The Business Journey of Equipment Buyers

When it comes to an individual customer, you work hard to predict what they’ll buy, so you can supply it; when they’ll buy, so you’re there when they’re ready; and each stage they’re at in their buyer’s journey, so you can market appropriately to them at each phase of the process. But why is it the same effort isn’t always put into the B2B world?
It’s true that marketing to a business isn’t the same as marketing to an individual. The journey from identifying a need to making a purchase looks different for a business. Which means the measures you use to predict what an individual customer will do won’t work on a business. But that doesn’t take away the necessity to know when a business is ready to buy.
So how can you can get ahead of a business’ purchasing decisions?

Changes in the Business JourneyThe first step is to understand that the businesses you’re marketing to are not static. Whether due to changes in their industries, the advancement of technology, or even the inevitable wear and tear of machinery, there are always factors causing these businesses to change and grow. With the changes and growth comes a need for new equipment. So it’s important to know what changes to be on the lookout for so you can be proactive in your marketing to prospective businesses.

Replacement Cycles

This has always been one of the primary indicators for when a business is ready to buy. But the timeline for replacement cycles are changing, especially in the agricultural market. Replacement cycles used to come around 5 years after the purchase date. Now, businesses are waiting 8-9 years before replacing their equipment. It could be due to economic purposes or having longer lasting equipment. Whatever the cause, there is clearly a need for awareness of your prospects’ replacement cycles to avoid contacting them too early or missing the cycle entirely.


It’s important to know when a business’ loyalty changes, especially in the brands they buy for two reasons:

  1. If a business changes loyalty to a brand you sell, you can be ready to market to that new prospect.
  2. If a business shifts loyalty away from your company or from a brand you sell, you can track backwards to find out why and create strategies to improve.

Deeper Expansion

This is when a business is ready to increase their equipment volume due to gaining new business, a booming economy, a shift into a new market, etc. A growth in business can bring about a need to purchase more units of the equipment the business uses. Being aware of such a change could result in a big opportunity for you.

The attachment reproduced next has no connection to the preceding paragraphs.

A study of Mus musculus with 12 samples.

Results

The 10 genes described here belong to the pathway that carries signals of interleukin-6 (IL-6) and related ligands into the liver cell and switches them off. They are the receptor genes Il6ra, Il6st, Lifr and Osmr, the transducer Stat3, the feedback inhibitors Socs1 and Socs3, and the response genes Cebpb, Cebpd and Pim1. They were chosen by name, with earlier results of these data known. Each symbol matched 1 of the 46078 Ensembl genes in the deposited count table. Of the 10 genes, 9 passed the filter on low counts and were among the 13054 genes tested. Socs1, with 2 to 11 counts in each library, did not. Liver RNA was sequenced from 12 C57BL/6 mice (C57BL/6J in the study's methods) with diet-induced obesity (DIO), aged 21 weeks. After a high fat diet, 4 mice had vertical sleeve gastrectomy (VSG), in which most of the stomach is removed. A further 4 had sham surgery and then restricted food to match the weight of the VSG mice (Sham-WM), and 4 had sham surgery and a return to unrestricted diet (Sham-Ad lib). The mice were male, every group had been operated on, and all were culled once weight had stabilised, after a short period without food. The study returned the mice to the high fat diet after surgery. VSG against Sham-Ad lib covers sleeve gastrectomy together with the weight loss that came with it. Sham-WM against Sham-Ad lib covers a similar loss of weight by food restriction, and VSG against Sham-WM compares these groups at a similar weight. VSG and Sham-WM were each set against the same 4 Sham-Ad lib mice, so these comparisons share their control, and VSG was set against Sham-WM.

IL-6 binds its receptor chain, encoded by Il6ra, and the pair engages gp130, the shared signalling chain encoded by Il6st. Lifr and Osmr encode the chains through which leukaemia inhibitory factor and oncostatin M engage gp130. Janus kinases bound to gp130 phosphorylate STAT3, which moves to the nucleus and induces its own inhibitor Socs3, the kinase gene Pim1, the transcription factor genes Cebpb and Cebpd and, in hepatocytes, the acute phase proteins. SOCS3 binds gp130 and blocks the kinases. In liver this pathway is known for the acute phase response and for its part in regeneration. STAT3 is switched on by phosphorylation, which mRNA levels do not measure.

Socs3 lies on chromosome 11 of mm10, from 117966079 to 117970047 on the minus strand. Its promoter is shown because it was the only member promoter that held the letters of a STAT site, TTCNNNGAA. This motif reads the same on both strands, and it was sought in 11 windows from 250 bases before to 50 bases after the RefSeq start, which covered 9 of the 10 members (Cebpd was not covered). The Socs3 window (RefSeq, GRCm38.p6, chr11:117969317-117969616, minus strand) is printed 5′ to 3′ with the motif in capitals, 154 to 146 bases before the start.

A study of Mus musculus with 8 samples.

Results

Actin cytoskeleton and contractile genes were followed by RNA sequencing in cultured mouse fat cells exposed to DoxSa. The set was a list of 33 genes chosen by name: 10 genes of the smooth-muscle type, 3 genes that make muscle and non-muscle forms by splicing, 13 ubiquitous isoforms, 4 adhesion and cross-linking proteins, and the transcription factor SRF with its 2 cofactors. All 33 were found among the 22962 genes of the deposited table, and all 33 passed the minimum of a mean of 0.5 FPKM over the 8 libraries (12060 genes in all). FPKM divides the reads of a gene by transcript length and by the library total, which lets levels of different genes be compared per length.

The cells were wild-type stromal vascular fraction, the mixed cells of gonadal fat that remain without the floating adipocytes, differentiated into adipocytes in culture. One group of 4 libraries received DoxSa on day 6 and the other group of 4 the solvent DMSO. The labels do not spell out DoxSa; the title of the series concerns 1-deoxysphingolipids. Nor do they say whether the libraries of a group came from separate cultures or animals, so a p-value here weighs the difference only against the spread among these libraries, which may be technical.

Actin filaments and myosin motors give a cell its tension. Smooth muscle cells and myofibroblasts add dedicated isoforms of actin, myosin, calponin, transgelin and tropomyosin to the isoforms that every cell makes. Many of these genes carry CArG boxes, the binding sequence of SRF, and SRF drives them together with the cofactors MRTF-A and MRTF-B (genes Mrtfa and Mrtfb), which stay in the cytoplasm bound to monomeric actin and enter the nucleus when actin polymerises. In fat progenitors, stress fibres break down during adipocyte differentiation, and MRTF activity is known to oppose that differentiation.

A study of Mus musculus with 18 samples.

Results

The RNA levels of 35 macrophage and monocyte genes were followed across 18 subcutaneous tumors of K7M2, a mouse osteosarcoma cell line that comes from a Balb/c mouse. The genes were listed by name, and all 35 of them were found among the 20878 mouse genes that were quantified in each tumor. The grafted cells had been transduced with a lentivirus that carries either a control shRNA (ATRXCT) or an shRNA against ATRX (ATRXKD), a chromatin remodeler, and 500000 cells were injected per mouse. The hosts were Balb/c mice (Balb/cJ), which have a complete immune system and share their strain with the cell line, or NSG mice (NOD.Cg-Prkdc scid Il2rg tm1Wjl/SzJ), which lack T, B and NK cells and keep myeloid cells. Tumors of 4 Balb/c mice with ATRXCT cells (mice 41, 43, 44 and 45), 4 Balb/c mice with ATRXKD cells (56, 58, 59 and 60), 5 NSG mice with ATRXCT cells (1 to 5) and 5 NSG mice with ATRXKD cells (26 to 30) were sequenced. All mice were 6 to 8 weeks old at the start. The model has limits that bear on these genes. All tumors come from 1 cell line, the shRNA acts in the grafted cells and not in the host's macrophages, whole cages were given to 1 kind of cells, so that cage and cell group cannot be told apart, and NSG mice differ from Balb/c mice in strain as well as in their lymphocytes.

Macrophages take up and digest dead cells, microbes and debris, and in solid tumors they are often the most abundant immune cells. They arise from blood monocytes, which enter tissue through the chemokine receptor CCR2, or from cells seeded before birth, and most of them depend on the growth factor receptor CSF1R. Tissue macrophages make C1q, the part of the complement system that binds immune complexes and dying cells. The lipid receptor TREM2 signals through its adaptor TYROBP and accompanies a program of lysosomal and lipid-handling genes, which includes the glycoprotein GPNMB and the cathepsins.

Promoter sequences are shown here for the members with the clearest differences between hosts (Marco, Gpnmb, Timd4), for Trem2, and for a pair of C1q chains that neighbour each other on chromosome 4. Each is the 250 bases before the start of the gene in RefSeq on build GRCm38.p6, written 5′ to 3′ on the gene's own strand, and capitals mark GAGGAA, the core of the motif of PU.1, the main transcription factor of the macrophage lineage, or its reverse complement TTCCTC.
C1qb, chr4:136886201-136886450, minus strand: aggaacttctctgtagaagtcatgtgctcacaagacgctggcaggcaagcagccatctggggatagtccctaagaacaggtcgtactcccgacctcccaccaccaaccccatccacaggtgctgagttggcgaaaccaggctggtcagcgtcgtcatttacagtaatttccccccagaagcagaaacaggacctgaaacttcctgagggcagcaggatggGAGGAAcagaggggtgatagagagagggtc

Wider Expansion

This is when a business starts buying types of equipment outside of what they would normally buy. For example, a contractor who takes on landscape hardscaping. This would present a need for new equipment. This presents a good opportunity especially in cases where a business that never purchased the type of equipment you sell begins to purchase it.

Tackle the ChangesBy using data, you can keep track of the changes taking place in the businesses of current customers and other prospective businesses. You can utilize prospect databases like Randall-Reilly’s EDA and RigDigBI to navigate through organized prospect data. These databases provide information like equipment type, equipment purchase dates, warranty cycles, equipment model, equipment brand, etc. Having access to specific and dynamic data allows you to spot all the aforementioned changes to the business journey of customers and prospects when they happen.
For example, EDA allows you to track equipment and notifies you automatically when new data becomes available. With both EDA and RigDigBI, you can look through buying/replacement cycles and monitor shifts in brand loyalty or shifts in the types of equipment bought.
Taking a step further, data allows you to take a close look at purchasing patterns which allows you to predict upcoming changes. This gives you the chance to get ahead of the change and prepare accordingly.
It’s time to move away from reactive marketing. The days of waiting too late to respond to the changes in the business journey are over. If you want your marketing to be present when changes arise in the businesses of your customers and prospects, use data to create proactive strategies that put you ahead of the game.